GOOD record keeping and analysis is key to running a successful farming business and marketing grain, according to consultant Linda Eldredge.
The director of Eldredge and Associates is a Nuffield Scholar and passionate about turning around farming businesses.
The mum of two farms at Clare and consults for a range of clients from the Pilbara to the eastern seaboard.
She advises on strategic decisions, land buys, setting three to five-year budgets, cost capital and systems to manage decision making in the field.
"I help farmers keep good records so they can make the best decisions, and I help them understand some of the tools available," Mrs Eldredge said.
She recently released her Nuffield report on the potential benefits of low-cost, cloud-based technology to Australian agriculture.
Mrs Eldredge said she would meet clients up to four times a year depending on the business but nowadays kept in touch more regularly through the cloud.
"The key is having a tool that is easy to maintain and that at any time anyone can look at," she said.
"You can set up tools which are very tactile, everyone can see the information quickly and see what the impact of a decision is on the business.
"I've got a really good tool I developed for my clients called Graintracker and it helps people monitor and record their fiscal contracts, swap positions and their contracts at harvest and post harvest - what they sell the grain for.
"It is just a recording tool but it helps people understand how important it is to take positions before they put something in the ground to price-protect."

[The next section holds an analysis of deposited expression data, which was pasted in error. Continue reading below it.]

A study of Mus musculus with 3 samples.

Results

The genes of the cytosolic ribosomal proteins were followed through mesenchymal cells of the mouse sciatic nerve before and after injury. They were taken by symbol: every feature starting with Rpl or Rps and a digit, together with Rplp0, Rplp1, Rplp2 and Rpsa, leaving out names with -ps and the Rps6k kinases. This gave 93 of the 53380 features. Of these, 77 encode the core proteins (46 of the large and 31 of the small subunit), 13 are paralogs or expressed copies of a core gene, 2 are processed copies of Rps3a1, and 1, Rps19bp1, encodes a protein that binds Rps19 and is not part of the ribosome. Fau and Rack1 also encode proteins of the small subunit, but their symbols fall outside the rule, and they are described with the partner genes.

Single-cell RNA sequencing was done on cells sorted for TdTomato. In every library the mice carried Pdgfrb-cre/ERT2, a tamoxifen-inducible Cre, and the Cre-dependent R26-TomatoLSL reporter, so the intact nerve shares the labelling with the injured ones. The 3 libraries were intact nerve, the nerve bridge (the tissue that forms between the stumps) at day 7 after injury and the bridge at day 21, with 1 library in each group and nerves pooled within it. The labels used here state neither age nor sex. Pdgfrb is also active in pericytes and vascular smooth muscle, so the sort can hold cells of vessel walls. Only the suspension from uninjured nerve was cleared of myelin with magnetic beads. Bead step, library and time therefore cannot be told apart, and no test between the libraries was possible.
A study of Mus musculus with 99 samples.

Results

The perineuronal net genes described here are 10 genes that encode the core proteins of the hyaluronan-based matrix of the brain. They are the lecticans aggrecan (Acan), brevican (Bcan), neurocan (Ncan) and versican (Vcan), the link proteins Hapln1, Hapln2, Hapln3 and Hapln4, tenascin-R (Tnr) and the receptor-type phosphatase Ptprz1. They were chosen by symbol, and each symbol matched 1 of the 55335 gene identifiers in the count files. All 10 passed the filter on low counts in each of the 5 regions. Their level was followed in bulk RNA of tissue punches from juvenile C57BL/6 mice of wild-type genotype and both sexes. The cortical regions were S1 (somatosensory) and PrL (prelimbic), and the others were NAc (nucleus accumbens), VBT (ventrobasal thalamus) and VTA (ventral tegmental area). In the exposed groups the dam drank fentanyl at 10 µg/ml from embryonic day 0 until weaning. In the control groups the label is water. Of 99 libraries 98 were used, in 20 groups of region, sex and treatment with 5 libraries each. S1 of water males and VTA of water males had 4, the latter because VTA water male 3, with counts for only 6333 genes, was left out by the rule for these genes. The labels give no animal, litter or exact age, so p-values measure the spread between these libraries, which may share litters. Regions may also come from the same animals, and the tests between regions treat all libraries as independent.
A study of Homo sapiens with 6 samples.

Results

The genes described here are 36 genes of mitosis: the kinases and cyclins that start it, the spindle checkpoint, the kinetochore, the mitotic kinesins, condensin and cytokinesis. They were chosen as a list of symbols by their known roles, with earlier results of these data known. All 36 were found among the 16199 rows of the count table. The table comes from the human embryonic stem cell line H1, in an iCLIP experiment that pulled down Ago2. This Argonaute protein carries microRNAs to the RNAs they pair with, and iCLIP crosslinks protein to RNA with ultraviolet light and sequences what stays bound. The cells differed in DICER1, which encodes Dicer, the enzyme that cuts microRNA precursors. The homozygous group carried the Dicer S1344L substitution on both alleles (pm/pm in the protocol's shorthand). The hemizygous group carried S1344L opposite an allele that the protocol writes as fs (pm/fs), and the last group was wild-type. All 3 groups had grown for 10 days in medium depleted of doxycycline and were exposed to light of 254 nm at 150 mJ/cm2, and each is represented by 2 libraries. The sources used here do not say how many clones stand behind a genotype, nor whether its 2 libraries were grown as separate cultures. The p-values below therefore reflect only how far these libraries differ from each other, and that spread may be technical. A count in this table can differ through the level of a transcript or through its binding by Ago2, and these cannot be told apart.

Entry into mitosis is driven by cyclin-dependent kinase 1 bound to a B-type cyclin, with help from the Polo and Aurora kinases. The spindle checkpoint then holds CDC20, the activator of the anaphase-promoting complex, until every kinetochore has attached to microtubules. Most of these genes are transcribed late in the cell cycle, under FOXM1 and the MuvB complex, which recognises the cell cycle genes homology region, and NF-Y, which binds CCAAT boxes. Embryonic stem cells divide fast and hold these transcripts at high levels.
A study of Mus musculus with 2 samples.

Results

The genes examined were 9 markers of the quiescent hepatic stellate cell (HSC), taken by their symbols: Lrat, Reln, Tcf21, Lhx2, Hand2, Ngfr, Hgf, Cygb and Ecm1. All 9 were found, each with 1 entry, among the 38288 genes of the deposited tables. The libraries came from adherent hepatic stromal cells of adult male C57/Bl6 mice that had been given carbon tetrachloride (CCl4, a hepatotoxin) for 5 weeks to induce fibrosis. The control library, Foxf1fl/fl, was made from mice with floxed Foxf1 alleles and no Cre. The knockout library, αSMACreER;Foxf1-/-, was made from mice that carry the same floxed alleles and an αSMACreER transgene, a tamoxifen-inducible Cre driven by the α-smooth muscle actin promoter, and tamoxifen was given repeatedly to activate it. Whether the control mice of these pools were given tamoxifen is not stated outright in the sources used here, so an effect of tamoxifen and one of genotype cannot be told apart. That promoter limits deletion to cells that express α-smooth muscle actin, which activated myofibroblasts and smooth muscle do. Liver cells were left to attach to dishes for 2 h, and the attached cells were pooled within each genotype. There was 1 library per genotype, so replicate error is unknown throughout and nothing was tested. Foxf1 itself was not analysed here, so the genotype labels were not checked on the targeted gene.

Mrs Eldredge said it was important to understand risk and set up good records that were continually analysed and understood.
She said she had started using Dropbox with clients, which was being well received.
"Because that is a cloud-based tool, it means we can manage files like Graintracker, the three and five-year budget remotely, and I can make a change or they make a change and we all can see it," Mrs Eldredge said.
"That sort of technology has revolutionised consulting because it means I can keep in contact more with clients and them with me.
"It's a flow of communication and putting it in such a way that it is easy to record so you don't over-engineer it and it is easy to analyse."
Mrs Eldredge said farmers were starting to love analytics as they saw how easy it could be.
"Regular checking doesn't happen in a standard business and it could be that their recording system might not be great or they don't commit to it or they are too busy," she said.
"Using some of these cloud-based-tools is really great for managing that communication.
"As businesses we have to get a bit smarter to make it easier."
Mrs Eldredge said with so many apps out there, setting them up could be overwhelming, so it was important to only use tools that gave you an edge. "When I start working with clients I say 'we are going to master one tool this year and probably two next year and maybe we will commit to three tools'," she said.
"So it could be the five-year budget, three-year budget, which banks love and that has all the pricing mechanisms for grain and for sheep, and the Graintracker.
"Then there are other tools such as machinery calculators that if we need to we can pull them out the draw and use them."